As someone who loves food and spends a lot of her time eating, cooking and writing about food, I’m constantly thinking about my relationship to and with food. Directly related is how that relationship affects how I feel toward my body. That ever-changing dynamic is further complicated by my attempts to strike a better balance. In January 2011, my temporary solution to that quest was to join Weight Watchers.
On Tuesday, Weight Watchers announced it was shifting in a new direction, one geared toward wellness. Now known as WW, the rebrand moves the company away from focusing on weight loss and introduces a new tagline: “Wellness that works.” Its namesake program has taken the name of WW Freestyle, although it’s essentially the same program in which members use a variety of tools to manage their weight loss journeys: an app for on-the-go tracking, meetings, one-on-one chats with meeting leaders. And while it’s slightly modified, the points system still exists.
On the surface, the rebranding and commitment seem to be rooted in an effort to move the company forward. It brings the idea of losing weight into the 21st century and creates distance from WW’s competitors. But as a former Weight Watchers member who is well-versed with how it feels to be a paying member — I paid around $40 per month — steadily attending meetings, I’m not so convinced a name change and what is akin to a momentous public relations statement rings of anything genuine.
After all, WW is no stranger to the business of monetizing diet culture. Jean Nidetch founded the company in 1963 on the premise of using “science-driven research” to help promote weight loss. Common strategies included eating leaner cuts of meat, lowering sugar intake, drinking at least 32 ounces of water daily and having plentiful servings of fruits and vegetables.
During my time as a Weight Watcher, I knew — despite the friendliness and the positivity oozing from every interaction I had — what we were all there for: to lose weight. This was only reinforced with the weekly weigh-ins with stickers to track your progress. There were also celebratory pendants, which you received in front of meeting attendees once you reached a weight loss milestone. The new products rolled out week after week — crackers, cookies, water bottles, plastic containers emblazoned with the Weight Watchers logo, coupons for the frozen meals sold in your local grocer’s freezer — were constant reminders of the quest for lost pounds.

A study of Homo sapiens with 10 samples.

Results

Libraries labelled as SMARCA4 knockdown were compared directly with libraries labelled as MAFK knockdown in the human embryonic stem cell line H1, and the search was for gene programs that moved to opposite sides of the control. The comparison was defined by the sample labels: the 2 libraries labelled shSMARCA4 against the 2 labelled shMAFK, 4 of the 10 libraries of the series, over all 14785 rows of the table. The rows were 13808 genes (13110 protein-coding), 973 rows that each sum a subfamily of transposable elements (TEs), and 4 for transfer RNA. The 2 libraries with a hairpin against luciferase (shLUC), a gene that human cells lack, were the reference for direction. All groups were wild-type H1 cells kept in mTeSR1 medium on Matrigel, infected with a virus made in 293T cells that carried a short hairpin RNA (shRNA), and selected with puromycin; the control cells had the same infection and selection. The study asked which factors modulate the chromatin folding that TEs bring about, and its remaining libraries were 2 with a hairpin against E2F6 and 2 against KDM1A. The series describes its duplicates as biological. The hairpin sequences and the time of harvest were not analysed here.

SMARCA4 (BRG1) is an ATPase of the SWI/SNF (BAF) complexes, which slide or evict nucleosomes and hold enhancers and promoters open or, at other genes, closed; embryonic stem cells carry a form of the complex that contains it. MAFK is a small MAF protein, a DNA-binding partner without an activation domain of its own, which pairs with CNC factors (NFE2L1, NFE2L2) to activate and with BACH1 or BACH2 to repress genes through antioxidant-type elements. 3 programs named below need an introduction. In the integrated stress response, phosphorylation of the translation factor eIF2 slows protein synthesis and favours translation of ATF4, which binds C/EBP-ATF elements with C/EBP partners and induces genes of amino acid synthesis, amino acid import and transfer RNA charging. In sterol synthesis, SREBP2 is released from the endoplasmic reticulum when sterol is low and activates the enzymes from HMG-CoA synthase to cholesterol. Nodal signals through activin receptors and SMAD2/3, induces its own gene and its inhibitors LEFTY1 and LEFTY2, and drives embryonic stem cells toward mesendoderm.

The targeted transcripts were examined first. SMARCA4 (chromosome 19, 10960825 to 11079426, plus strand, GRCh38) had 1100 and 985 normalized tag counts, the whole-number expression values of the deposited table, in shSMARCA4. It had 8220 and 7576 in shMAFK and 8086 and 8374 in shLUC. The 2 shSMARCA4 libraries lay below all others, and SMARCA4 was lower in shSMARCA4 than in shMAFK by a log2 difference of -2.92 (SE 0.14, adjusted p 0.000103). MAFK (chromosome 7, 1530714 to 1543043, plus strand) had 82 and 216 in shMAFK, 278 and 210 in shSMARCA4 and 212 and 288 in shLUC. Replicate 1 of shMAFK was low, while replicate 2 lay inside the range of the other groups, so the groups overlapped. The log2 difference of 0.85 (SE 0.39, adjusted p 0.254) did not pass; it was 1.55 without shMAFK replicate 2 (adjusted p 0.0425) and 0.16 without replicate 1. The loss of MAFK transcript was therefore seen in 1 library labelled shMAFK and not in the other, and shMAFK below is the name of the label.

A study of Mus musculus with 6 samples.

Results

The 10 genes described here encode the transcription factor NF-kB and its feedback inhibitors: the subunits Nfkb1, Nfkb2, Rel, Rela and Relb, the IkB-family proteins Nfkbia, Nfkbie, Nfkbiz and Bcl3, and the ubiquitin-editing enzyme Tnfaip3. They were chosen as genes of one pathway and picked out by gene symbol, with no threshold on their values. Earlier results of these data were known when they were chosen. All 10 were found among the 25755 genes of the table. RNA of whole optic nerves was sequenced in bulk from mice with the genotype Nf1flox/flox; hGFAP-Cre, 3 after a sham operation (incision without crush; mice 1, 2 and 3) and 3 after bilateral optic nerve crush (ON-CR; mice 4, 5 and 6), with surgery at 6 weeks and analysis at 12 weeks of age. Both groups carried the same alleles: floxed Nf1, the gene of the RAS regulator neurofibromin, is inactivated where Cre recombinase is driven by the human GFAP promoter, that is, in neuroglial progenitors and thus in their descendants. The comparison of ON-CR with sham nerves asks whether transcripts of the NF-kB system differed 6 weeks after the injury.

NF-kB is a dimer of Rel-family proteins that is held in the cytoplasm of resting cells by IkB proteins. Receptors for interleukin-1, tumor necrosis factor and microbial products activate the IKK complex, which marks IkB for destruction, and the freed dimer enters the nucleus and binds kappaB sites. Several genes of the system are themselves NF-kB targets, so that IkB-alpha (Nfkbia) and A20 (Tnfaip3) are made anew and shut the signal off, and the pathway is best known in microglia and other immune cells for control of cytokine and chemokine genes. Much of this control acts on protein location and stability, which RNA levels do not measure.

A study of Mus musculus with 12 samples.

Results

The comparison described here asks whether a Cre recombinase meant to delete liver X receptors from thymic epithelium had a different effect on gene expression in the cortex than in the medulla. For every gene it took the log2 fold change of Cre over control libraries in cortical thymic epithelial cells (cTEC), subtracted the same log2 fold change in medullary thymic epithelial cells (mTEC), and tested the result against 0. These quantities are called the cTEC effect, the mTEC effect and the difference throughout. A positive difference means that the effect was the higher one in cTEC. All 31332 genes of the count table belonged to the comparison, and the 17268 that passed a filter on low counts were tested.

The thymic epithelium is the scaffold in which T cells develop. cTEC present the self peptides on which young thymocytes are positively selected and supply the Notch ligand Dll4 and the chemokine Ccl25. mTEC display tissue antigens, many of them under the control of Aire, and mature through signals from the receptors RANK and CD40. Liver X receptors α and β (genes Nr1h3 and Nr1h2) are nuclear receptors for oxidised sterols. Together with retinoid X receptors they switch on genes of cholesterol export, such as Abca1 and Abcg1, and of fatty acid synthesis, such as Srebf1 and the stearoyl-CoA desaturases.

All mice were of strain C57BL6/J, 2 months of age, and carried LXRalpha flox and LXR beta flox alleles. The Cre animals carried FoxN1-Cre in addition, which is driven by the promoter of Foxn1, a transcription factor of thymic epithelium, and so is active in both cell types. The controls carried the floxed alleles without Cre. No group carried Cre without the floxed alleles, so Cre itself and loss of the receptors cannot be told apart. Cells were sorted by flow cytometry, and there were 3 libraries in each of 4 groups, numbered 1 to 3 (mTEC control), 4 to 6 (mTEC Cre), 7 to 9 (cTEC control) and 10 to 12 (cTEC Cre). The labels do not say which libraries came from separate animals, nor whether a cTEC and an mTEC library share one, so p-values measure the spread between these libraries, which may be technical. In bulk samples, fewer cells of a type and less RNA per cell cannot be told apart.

Ultimately, I left Weight Watchers and canceled my monthly membership. Taking the joy and sensuality out of eating was no longer a worthy sacrifice to be my “healthiest” self. I started to feel dangerously guilty when I wanted decadent desserts, nibbled on meats and cheeses or drank one too many glasses of wine. I wanted to enjoy dinners with friends and the meals I cooked at home. I didn’t want the obsessive spiral I had routinely fallen down since becoming a member, one that was brought on if I forgot to track one morsel of food or was unable to figure out how many points another meal had. I wanted my relationship with food to be balanced, loving, authentic. Food was never the enemy but it felt like it had become mine.
Several Weight Watchers methods worked for me. As a member, I lost half the weight I set out to lose before I quit. But the program also introduced a wealth of bad habits and new problems. For me, a new monster was born: a self-loathing I hadn’t had when I started the program, predicated on feeling secure once I’d reached a certain number on the scale and had the cheering validation from other members.
A new monster was born: a self-loathing I hadn’t had when I started the program, predicated on feeling secure once I’d reached a certain number on the scale.
The all-new WW can pretend to not talk about weight or not care about weight. But the fact of the matter is its business model was built on encouraging weight loss and finding strategies to make it possible for its millions of members worldwide. That’s the point — the new name won’t change that.
If WW truly wants to create a brand of wellness, one that is actually empowering and encourages lasting lifestyle changes not centered on weight loss, it’ll have to do more than rebrand itself, air feel-good commercials filled with smiling faces and publish photos of happy people mid-bite. The company will have to learn about what body positivity is and become an inclusive space for all shapes, sizes and bodies. It’ll have to remove the association between changing what you eat and lowering the number on the scale — the exact opposite of everything it’s done in the past.
Correction: Oct. 2, 2018
A previous version of this article referred incorrectly to Weight Watchers merchandise. Weight Watchers produced branded plastic containers.